The decision by the Public Procurement Regulatory Authority (PPRA) to bar a total of 357 firms and individual consultants from participating in Public Procurement activities is laudable—and milestone in fighting corruption and frauds in the sector.
PPRA reached the decisions after proving beyond reasonable doubt that the 357 companies and individual consultants won various public tenders through corrupt and fraudulent means.
The latest ban by the procurement watchdog mainly targeted foreign firms, suppliers and construction companies blacklisted or barred (by a foreign country, international organisation, or other foreign institution) from taking part in public procurement activities.
The Procurement Act number 21 of 2004, Section 57, gives the authority powers to debar firms or individuals, who have been banned by international organisations and foreign companies for fraud, corruption or breach of contract.
According to the PPRA Chief Executive Officer, Ramadhan Mlinga, on the basis of its mandate, the PPRA at its 46th extraordinary meeting held on July 10 this year, disqualified 357 firms (including their directors) and individuals from participating in public procurement in the country.
Out of those blacklisted firms, according to the watchdog body’s top official, 345 firms and individuals have been barred by the World Bank for fraud or corruption, while 13 others have been disqualified by Uganda’s Public Procurement and Disposal Authority for fraud, corruption or breach of contract.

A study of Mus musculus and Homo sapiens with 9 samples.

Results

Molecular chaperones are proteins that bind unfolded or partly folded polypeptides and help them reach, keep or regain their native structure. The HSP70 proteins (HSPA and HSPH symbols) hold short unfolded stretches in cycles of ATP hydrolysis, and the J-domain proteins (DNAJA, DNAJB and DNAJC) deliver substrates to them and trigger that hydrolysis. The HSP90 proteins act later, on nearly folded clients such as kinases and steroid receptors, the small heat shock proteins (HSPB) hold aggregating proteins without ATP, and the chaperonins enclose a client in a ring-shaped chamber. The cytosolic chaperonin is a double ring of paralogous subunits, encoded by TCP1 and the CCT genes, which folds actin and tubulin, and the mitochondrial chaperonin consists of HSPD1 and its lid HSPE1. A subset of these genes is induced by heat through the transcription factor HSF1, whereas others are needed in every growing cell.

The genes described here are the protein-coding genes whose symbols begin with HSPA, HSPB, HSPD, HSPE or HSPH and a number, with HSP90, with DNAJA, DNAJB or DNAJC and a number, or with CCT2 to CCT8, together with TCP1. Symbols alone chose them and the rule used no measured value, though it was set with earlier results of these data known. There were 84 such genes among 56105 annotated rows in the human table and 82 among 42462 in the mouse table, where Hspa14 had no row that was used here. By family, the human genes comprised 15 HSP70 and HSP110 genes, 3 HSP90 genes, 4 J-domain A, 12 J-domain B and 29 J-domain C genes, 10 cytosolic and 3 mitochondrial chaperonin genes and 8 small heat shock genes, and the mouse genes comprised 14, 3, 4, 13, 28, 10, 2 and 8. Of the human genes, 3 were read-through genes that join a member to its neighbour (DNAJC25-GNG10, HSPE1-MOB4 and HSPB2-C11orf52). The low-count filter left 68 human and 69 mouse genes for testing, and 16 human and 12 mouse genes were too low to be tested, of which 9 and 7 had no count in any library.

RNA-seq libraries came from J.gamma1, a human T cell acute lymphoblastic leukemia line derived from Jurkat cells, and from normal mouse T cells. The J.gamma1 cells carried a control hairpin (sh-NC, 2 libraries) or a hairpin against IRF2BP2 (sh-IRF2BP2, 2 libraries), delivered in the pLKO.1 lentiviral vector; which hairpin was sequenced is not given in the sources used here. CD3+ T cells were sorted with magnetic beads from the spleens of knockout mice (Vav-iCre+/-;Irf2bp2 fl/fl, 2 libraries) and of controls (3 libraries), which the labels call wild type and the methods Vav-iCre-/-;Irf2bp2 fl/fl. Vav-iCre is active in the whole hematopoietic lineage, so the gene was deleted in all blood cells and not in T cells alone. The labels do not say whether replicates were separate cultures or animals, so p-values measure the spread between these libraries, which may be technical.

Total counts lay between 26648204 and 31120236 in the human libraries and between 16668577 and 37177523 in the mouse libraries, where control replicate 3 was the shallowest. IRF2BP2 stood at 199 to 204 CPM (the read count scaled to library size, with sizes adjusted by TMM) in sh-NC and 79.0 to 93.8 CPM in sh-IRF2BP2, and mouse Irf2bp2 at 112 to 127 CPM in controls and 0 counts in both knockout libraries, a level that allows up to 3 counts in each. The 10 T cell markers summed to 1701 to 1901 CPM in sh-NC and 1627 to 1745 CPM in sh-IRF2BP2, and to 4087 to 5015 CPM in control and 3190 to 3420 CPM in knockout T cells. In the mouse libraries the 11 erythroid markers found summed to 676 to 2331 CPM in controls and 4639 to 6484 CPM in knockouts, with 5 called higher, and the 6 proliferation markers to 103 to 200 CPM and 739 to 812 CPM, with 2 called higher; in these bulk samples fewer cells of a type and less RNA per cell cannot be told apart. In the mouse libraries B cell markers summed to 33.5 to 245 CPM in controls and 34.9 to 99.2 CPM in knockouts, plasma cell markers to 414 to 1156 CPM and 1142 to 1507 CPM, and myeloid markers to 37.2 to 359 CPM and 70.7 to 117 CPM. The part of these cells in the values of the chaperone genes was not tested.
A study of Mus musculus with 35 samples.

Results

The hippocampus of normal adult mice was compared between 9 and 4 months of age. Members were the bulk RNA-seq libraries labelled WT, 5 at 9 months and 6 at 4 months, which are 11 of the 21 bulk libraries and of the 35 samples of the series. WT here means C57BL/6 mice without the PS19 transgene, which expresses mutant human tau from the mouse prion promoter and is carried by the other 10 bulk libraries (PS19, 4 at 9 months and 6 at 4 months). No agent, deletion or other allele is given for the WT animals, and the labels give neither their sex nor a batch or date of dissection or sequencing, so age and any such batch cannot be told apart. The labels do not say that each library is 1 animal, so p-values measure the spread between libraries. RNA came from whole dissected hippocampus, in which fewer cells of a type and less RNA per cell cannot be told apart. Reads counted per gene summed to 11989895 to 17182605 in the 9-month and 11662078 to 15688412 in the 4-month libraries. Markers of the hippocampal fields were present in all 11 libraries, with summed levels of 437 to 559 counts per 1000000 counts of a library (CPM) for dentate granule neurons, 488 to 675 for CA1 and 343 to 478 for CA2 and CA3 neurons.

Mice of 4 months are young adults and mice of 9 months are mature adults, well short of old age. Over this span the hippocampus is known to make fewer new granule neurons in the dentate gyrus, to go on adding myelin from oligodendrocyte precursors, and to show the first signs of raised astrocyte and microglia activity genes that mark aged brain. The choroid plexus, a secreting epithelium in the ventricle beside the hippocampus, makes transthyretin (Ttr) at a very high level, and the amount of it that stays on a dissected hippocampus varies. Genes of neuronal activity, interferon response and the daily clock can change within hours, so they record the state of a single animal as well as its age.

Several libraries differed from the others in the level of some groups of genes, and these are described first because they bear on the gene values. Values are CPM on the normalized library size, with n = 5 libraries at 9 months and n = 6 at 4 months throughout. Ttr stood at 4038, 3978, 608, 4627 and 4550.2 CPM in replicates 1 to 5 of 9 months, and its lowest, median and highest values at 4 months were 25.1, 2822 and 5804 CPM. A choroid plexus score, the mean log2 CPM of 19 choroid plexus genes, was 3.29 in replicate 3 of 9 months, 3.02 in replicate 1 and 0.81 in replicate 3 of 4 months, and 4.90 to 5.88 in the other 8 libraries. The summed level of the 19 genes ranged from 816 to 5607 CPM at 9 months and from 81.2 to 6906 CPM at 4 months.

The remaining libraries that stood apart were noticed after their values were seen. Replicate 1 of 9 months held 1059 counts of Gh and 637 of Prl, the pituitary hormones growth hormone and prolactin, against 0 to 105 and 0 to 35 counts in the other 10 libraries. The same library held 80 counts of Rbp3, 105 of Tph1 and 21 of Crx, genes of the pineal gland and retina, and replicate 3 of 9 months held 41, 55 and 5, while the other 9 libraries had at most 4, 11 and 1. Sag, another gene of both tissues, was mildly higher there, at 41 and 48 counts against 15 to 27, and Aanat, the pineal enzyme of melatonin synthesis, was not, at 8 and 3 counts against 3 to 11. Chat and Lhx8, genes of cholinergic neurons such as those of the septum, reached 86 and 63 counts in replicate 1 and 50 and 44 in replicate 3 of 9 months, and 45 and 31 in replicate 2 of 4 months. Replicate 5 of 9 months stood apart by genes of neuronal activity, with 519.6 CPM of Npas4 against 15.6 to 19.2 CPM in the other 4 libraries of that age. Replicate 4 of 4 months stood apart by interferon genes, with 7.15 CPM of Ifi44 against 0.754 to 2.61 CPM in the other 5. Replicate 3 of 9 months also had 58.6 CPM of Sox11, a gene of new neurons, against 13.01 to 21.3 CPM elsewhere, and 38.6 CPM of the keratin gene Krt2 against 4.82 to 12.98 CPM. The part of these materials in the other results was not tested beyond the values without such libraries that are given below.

Some 246 firms have been disqualified for a period of one year to more than ten years, while 94 firms and individuals have been debarred permanently.
According to the PPRA, directors and subsidiary companies of the debarred firms are also affected by this move—a situation which means that public entities should conduct “due diligence” to ensure that tenders are not awarded to firms owned by the blacklisted directors or their subsidiary companies.
A blacklisted supplier, contractor or consultant is not allowed to start new supply, contracting or consulting firm during the debarment period. The latest debarment does not apply to ongoing contracts and on tenders where letters of acceptance have been issued to successful bidders before July 10, this year (the date of PPRA’s board decision).
We at The Guardian strongly commend PPRA for this courageous move because it shows how together we can fight corruption and frauds, which have rocked the procurement industry for years.
Some international crooks masquerading as credible companies have been defrauding Africa billions of dollars annually through the procurement industry. After their dirty deals, these companies change names and move to another country to continue with their corrupt practices and frauds—with the assistance of dishonest public officials.
But with the bold decisions like the one taken by PPRA, it’s obvious that the days of these local and international crooks are numbered. Africa can’t afford to be grandma’s farm where all international fraudsters earn free billions of dollars annually, whereby in return they pretend to give back a small portion of what they have robbed as corporate social responsibility.
PPRA has proved beyond doubt what Martin Luther King meant when he said injustice anywhere is a threat to justice everywhere. The majority of these firms might have committed their crimes outside Tanzania, but at the end of the day, crime knows no borders and therefore they have no room in our country.
This is the best way to help the Prevention and Combating of Corruption Bureau (PCCB) to eradicate corruption in the procurement industry.